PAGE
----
Pricing Transparency — Prepare Your Pencils

Whether businesses jump into cloud computing right away or later on, the pricing transparency from cloud providers completely changes enterprise practices for benchmarking IT costs. Companies routinely spend big bucks to understand IT expenses and effectiveness. Top-line ratios based on R&D dollars to revenue are easy to find in SEC filings, but more detailed metrics were part art, part science, shrouded in a murky haze of corporate intelligence.

Cloud computing has changed all of that. Now you can understand exactly how much it costs to rent an x86 server, a terabyte of storage, or a content delivery service with just a few clicks to Amazon Web Services (s aws) or a host of other providers. Transparency can be granular, too. Amazon S3 now differentiates between storage capacity, data transfer in and out, and number of individual requests.

Whether you use these services today, tomorrow, or far off in the future, measuring the costs and rewards of technology investments will never be the same.

Departmental Decisions — “The Outerprise”

It used to be that deploying a new application meant days or weeks of research, approvals, budgeting, planning and setup. Now it means that individuals outside the enterprise IT domain can pick a service offering of their choice, select a plan, and pay for it themselves. The barriers to start are low, the benefits of scale are high, and the decision gets boiled down to the simplicity of a free trial or impulse purchase.

Granted, this is not the likely sequence of events for major enterprise systems, but for those swirling around outside of the enterprise, in the “outerprise.” Think departmental tools like project management, tailored campaign tools for marketing, an extra reporting service for finance, or an outsourced compute job by a creative developer — the possibilities are limitless.

With corporate IT no longer the sole control point for new application deployments, we’ve only begun to scratch the surface of what an individual worker can accomplish. Perhaps the ecosystem of applications that emerge from “outside the enterprise” will provide the most compelling opportunities, and make application choices more friction-free.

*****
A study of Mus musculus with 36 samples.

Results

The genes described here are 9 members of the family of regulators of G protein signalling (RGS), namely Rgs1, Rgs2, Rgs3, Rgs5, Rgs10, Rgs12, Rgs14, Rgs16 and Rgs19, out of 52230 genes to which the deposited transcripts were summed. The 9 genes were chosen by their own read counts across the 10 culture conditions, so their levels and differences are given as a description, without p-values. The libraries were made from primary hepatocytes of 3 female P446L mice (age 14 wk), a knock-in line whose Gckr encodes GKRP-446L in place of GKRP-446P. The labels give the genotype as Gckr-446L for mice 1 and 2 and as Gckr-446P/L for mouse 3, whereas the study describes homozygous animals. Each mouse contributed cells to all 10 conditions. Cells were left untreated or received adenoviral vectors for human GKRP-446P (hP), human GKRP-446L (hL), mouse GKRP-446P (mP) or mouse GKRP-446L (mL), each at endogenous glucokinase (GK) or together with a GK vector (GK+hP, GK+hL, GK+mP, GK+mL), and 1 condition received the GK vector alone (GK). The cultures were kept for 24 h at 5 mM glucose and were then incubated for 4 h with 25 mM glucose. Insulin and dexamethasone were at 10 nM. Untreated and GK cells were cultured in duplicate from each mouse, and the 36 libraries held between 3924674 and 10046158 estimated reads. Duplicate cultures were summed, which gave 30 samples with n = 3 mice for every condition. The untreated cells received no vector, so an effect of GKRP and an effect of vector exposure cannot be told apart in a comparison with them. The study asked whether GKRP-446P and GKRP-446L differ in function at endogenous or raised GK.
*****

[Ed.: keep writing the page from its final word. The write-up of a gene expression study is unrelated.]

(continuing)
It’s a Choice, Not a Mandate — Let the Markets Prevail

Depending on who you ask, cloud computing may or may not be “enterprise ready.” But everyone agrees the enterprise has already been impacted by cloud computing. Its very existence has marked a turning point in the way companies evaluate and buy new technology.

The emergence of near-universal pricing transparency is an industry first, as far as I can tell. And the opportunity for individual contributors to scope and deploy applications that suit unique needs completely changes the potential growth path of commercially available applications.

These forces will shape the enterprise like never before, breaking down pricing obscurity and bypassing controlled application deployments. With both constraints removed, we have a lot of decision-making ahead of us.

10 Responses to “The Enterprise Impact of Cloud Computing”

  1. Gary, I think your comments are spot on. The only other aspect of cloud computing I’d add is cost variability. When you put cost transparency, scalability and cost variability, we have a new challenge and opportunity for IT organizations.

    Implicit to cloud computing is the notion of the IT “service catalog” – the system that presents the offers, the costs, units of measure, and allows for self-service configuration, ordering and account management.

    With cloud computing, IT organizations still need to define standards, workflow for authorizations, manage lifecycles, and chargebacks. IT will need to provide self-service portals for our user to request and get provisioned; portfolio and financial management to our business customers to make visible service levels, costs, and usage drivers. We will need to have system of record to define our service bundles, underpinning technical and professional services, automated provisioning, subscription life cycle management and billing.

    If IT doesn’t respond, the customers will go off the reservation. After all, use a credit card, and you are 16-digits away from freedom. This would be unfortunate because IT does a lot more than just operate hardware.